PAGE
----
Cliff Rosenberger

phot of Ohio Gov. John Kasich

The part of Gov. John Kasich’s budget that would have required teachers to spend time shadowing business leaders in order to renew their licenses has been scrapped.

Kasich has been adamant about his plan, pushing it in his State of the State speech earlier this month.

“I want to make sure that our teachers, when they go for their re-license, that they spend a few days working in a business, learning about the work force needs of a community.”

Wes Retherford

A Republican state lawmaker from southwest Ohio has issued a statement about his arrest on drunk driving and weapons charges over the weekend – and so has the House Speaker. 

Rep. Wes Retherford of Hamilton said in a statement he’ll miss committee hearings and session for the rest of the week, after allegedly passing out drunk in his running car in a McDonald’s drive thru very early Sunday morning.

Speaker Cliff Rosenberger of Clarksville didn’t have much to say other than he’ll let the process play out and he’s thinking of Retherford and his family.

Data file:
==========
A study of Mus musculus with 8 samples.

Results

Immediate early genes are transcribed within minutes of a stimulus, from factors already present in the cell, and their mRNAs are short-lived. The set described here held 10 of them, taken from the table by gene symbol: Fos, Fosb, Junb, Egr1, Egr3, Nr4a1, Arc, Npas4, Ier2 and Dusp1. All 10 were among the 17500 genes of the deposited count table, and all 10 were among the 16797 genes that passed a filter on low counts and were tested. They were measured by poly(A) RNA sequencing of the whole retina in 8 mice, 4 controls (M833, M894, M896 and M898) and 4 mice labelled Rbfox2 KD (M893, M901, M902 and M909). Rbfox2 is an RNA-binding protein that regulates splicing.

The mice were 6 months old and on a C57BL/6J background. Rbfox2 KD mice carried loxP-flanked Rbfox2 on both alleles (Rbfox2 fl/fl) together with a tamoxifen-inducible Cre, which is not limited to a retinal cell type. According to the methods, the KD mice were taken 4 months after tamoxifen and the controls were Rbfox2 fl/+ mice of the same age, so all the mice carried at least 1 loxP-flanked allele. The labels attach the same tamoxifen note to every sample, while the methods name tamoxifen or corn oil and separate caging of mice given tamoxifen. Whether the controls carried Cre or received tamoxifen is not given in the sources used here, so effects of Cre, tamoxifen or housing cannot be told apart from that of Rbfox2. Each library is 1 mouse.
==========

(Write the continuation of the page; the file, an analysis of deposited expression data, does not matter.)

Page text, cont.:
Photo of Sen. Cliff Rosenberger.

The Republicans who run the House will soon release their version of Gov. John Kasich’s budget. But before that, they’ll put out a list of their priority agenda items for this two-year session. 

House Speaker Cliff Rosenberger of Clarksville says what’s called the Buckeye Pathway will outline the top issues for the Republican caucus better than the previous system has done.

Photo of the Statehouse Capola.

A proposal in Gov. John Kasich's budget that requires teachers to get on-site workplace experience at a company in order to renew their licenses is getting pushback from several groups. There are signs it might not go too far. 

The House Speaker and Senate President, both Republicans, are speaking out against Kasich’s teacher externship proposal.

photo of Ohio House Speaker Cliff Rosenberger

There’s another indication a controversial bill nicknamed the “pastor protection act” might be on its way to becoming law.


Republican House Speaker Cliff Rosenberger says members of his caucus are interested in seeing something happen with the bill.

It would prohibit state or local government from penalizing a pastor for refusing to perform a ceremony between two people of the same gender. The legislation, which Rosenberger says simply affirms the principles already in Ohio law, has had two committee hearings.